Two obvious responses: firstly, the system is clearly defective if an infantile imbecile can smash through every supposed protection without breaking sweat. Secondly, nobody who supports the orange moron cares what former military personnel think, not least…
Allan Milne Lees
Right on! This is what I have argued a long time. In my view the problem is Americans like to think they are the best country in the world and treat the founding fathers as infallible Gods.
What I noticed most when living in America is how rich it is and how well developed the private sector is while the state itself functions in a manner that reminds me more of the 1800s than a modern state.
Since it’s founding there has been surprising little update and reform of how the USA operates.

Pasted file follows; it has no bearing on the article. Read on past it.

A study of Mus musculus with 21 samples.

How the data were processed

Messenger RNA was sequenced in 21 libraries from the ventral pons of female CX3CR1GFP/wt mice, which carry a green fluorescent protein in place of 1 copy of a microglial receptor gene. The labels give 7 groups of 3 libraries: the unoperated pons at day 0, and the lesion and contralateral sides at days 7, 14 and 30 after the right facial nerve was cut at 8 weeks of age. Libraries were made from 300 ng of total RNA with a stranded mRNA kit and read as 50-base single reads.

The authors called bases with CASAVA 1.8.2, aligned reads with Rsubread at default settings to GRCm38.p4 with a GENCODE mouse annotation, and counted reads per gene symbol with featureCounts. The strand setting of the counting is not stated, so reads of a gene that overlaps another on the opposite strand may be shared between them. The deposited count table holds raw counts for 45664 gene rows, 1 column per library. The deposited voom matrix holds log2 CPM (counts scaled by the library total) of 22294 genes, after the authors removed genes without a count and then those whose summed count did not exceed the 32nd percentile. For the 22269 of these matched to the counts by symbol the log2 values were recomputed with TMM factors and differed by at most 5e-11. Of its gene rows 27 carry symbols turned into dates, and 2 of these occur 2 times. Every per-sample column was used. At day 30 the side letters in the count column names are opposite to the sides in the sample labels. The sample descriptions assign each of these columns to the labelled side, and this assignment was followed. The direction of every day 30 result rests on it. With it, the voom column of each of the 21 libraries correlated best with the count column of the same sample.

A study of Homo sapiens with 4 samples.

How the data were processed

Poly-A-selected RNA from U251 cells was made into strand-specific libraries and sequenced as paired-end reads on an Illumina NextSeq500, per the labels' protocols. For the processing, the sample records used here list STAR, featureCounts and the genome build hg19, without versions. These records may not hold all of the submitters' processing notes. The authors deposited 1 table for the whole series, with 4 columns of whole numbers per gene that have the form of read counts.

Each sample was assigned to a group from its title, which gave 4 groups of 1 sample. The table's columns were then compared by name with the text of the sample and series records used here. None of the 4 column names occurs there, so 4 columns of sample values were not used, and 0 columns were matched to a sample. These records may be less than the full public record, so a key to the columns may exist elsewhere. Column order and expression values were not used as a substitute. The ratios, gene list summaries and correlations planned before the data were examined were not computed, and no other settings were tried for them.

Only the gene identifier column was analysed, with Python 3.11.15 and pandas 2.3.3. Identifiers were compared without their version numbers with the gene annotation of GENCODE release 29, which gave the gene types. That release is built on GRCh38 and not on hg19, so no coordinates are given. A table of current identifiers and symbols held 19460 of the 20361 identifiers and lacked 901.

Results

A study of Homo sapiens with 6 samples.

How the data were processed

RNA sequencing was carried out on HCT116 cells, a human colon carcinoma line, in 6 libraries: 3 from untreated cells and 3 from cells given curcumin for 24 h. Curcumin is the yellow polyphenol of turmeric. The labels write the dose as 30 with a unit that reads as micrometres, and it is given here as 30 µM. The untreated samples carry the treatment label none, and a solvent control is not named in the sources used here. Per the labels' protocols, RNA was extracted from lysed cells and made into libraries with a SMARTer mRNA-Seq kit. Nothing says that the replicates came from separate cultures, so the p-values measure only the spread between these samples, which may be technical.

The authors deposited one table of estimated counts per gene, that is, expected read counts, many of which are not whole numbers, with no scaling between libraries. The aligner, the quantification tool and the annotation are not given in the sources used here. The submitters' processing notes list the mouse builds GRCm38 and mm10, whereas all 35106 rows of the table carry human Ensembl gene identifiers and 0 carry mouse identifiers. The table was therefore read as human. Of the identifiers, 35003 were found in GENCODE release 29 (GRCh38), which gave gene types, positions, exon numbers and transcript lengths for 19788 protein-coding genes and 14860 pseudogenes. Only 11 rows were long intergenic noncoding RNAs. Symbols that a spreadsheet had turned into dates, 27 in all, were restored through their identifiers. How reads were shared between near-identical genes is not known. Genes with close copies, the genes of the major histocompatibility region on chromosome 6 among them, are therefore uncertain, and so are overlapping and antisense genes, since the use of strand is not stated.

And in particular you don’t see the US copy any best practices from elsewhere. How American elections work today has a lot in common with how they worked in Europe in the 1800s.
America has a weakness in its bureaucracy. Instead of primarily being professional, too many important positions are elected and thus subject to partisanship.
The normal model is you got elected officials at the top setting the political direction. People further down should not be political but in the US system far too many yes-men can be hand picked by political leadership or elected directly by voters.
And perhaps the most important institution in a democracy, the free press, is utterly broken in the US. On he one hand you got outlets like FOX which serves as a mouth piece for right wing populism. On the other side you got channels like CNN which is primarily sensationalist. Looking for whatever sells and gets viewers. Serious news is which could create well informed voters is neglected.